Have you ever come across the kind of package that leaves no clue as to what is inside it?
My family loves to do creative packaging for gifts – like the time that my parents wrapped a Mariah Carey cassette for me in an empty paint can. I think I was 12, and I was totally baffled. I had no idea what to do with the paint can. Last Christmas, I wrapped a gift card for Dad in the mailing tube for my diploma. Oh yeah, and I stuffed it full of marbles, too. So when he opened it, all of the marbles fell into the couch cushions while I sat on the floor laughing. I’m a good daughter, I am!
But that isn’t really the kind of packaging I mean. That is more intentional. What cracks me up is the strange packages you get when you buy something odd-sized online. Or even not so odd-sized. I bought my niece a Harry Potter tote bag from Barnes & Noble for Christmas. It came in this box:
Pretty big, I thought, for these contents:
I really wouldn’t have minded if they had folded the bag a bit and put it in a flatter box. Then again, I am grateful that they didn’t send it quite like an unnamed library which returned our library’s interlibrary loan item like this:
I believe some items should not be folded for shipping. Books rank high on that list. Next time, please get a larger envelope. Thank you.
And then you have the odd-sized items which show up in equally odd-sized packages. Maybe it’s just me, but I totally expected a skinny mummy to pop out of this one:
Disappointingly, it was only a curved shower rod my dad ordered from Amazon. However, if you got excited thinking about mummies and packages containing unexpected items, may I recommend Jennifer Bradbury’s Wrapped?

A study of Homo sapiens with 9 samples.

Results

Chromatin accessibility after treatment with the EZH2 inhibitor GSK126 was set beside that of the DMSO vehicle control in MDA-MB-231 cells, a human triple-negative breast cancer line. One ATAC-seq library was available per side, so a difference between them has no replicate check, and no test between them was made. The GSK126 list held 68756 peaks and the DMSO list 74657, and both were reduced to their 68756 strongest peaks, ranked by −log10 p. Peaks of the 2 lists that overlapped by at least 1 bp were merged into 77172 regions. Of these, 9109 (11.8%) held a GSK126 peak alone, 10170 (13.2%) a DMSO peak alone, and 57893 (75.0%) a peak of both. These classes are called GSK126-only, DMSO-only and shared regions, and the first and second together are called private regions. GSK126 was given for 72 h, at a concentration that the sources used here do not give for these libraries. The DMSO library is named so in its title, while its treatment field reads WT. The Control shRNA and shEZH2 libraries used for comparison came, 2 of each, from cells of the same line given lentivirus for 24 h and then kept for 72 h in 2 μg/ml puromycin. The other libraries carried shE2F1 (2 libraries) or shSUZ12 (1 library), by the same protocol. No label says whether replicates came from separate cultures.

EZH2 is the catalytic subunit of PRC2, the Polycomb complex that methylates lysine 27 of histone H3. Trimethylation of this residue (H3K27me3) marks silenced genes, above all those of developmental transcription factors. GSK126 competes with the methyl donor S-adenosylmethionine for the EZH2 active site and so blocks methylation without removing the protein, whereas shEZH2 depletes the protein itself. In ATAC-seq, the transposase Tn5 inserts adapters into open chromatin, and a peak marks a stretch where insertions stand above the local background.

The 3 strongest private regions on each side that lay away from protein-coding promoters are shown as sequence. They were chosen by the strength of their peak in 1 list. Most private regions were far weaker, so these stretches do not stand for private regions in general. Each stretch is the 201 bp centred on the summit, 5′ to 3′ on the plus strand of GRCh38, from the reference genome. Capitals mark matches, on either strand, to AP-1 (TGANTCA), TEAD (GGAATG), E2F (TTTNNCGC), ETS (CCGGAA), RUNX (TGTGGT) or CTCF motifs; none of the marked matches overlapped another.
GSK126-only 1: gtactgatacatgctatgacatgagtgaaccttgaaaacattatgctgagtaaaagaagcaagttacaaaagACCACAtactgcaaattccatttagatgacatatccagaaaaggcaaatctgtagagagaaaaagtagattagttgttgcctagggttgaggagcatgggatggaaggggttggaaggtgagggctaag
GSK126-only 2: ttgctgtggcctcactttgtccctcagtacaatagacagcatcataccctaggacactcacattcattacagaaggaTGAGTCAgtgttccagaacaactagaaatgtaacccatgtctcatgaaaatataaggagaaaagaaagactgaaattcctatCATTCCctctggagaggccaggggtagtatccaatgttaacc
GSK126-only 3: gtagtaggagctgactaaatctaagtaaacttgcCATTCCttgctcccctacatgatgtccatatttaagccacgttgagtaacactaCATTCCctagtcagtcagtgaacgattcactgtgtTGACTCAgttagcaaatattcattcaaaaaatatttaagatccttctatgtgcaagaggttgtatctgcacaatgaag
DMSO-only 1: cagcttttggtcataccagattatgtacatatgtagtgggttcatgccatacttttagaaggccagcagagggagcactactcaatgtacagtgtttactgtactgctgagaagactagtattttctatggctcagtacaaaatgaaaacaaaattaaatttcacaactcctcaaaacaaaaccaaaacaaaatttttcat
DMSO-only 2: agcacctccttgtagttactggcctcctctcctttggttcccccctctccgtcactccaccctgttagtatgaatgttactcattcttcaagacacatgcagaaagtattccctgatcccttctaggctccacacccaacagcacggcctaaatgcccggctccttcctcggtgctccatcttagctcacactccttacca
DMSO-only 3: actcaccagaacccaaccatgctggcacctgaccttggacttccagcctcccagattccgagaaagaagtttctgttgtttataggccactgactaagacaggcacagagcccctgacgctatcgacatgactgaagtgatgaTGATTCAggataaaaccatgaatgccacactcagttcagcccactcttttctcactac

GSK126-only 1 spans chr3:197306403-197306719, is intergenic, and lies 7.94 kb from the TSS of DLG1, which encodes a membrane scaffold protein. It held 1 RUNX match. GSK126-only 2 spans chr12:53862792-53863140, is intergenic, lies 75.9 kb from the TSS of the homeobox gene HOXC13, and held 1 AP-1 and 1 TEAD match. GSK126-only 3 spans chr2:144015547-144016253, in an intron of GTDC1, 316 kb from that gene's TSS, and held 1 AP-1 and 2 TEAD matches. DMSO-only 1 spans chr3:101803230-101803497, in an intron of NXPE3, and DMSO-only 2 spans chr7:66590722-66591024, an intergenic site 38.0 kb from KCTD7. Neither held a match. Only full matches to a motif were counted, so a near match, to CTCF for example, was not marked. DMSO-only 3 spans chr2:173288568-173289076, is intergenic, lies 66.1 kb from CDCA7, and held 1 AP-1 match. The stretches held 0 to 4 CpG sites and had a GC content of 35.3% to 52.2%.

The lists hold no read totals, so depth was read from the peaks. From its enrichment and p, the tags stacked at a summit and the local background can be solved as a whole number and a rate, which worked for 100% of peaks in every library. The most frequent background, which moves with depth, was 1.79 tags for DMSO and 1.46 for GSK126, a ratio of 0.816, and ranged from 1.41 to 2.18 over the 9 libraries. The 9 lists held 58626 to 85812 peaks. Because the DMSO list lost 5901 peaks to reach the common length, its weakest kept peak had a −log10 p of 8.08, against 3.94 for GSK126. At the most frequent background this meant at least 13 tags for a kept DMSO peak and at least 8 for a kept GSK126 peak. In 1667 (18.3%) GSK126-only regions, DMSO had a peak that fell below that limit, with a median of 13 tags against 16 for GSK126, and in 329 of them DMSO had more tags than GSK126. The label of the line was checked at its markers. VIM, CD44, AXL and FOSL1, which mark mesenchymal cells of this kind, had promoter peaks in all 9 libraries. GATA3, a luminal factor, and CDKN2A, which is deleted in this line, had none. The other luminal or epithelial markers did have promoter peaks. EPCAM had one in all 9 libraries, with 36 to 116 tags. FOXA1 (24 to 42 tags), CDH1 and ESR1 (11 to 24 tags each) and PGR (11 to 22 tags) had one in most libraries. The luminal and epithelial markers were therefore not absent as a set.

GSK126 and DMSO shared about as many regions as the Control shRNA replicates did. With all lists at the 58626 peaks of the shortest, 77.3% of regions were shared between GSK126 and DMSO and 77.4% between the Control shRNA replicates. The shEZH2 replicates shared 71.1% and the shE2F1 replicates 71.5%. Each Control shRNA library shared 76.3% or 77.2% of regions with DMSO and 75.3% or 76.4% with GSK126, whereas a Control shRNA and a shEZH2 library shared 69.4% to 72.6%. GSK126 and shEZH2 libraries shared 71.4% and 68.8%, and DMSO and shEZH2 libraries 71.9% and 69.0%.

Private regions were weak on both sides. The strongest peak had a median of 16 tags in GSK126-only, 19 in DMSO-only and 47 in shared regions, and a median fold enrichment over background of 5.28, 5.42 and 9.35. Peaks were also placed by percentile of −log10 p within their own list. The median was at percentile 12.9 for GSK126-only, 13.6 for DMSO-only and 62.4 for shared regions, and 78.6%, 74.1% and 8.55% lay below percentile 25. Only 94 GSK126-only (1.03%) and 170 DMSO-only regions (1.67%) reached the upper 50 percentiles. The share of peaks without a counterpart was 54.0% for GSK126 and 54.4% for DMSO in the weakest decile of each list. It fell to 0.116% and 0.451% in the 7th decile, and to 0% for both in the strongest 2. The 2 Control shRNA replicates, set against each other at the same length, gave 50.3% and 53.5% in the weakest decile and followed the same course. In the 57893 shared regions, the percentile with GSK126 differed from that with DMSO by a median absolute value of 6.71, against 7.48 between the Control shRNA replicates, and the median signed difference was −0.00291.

I preferred the original cover, which plainly included a mummy, but the reprint is also attractive:
This entertaining Victorian-era story features an extremely intelligent young lady of high society, an eligible bachelor, and a mummy unwrapping party. At the party, Agnes accidentally ends up with a French spy message which was wrapped in the mummy’s coverings. Apparently the mummy was not the one intended for the unwrapping party but was being used to smuggle a message into London. Agnes quickly discovers that it is up to her to make sure that Napoleon is stopped in his tracks. Well, it is up to her and her new-found and extremely handsome gentleman friend! Possibly not the most likely of Victorian-era stories, but so much fun and very well told. Plus, I am a sucker for stories of Victorian ladies who don’t let the silly expectations of their society stop them.
And if you also like to read about daring young ladies in the Victorian Era, may I recommend Y.S. Lee’s The Agency series, Alyxandra Harvey’s Haunting Violet, or Stephanie Burgis’ very funny Kat, Incorrigible.
And enjoy your oddly shaped packages, but please don’t fold any books you ship. Your library thanks you.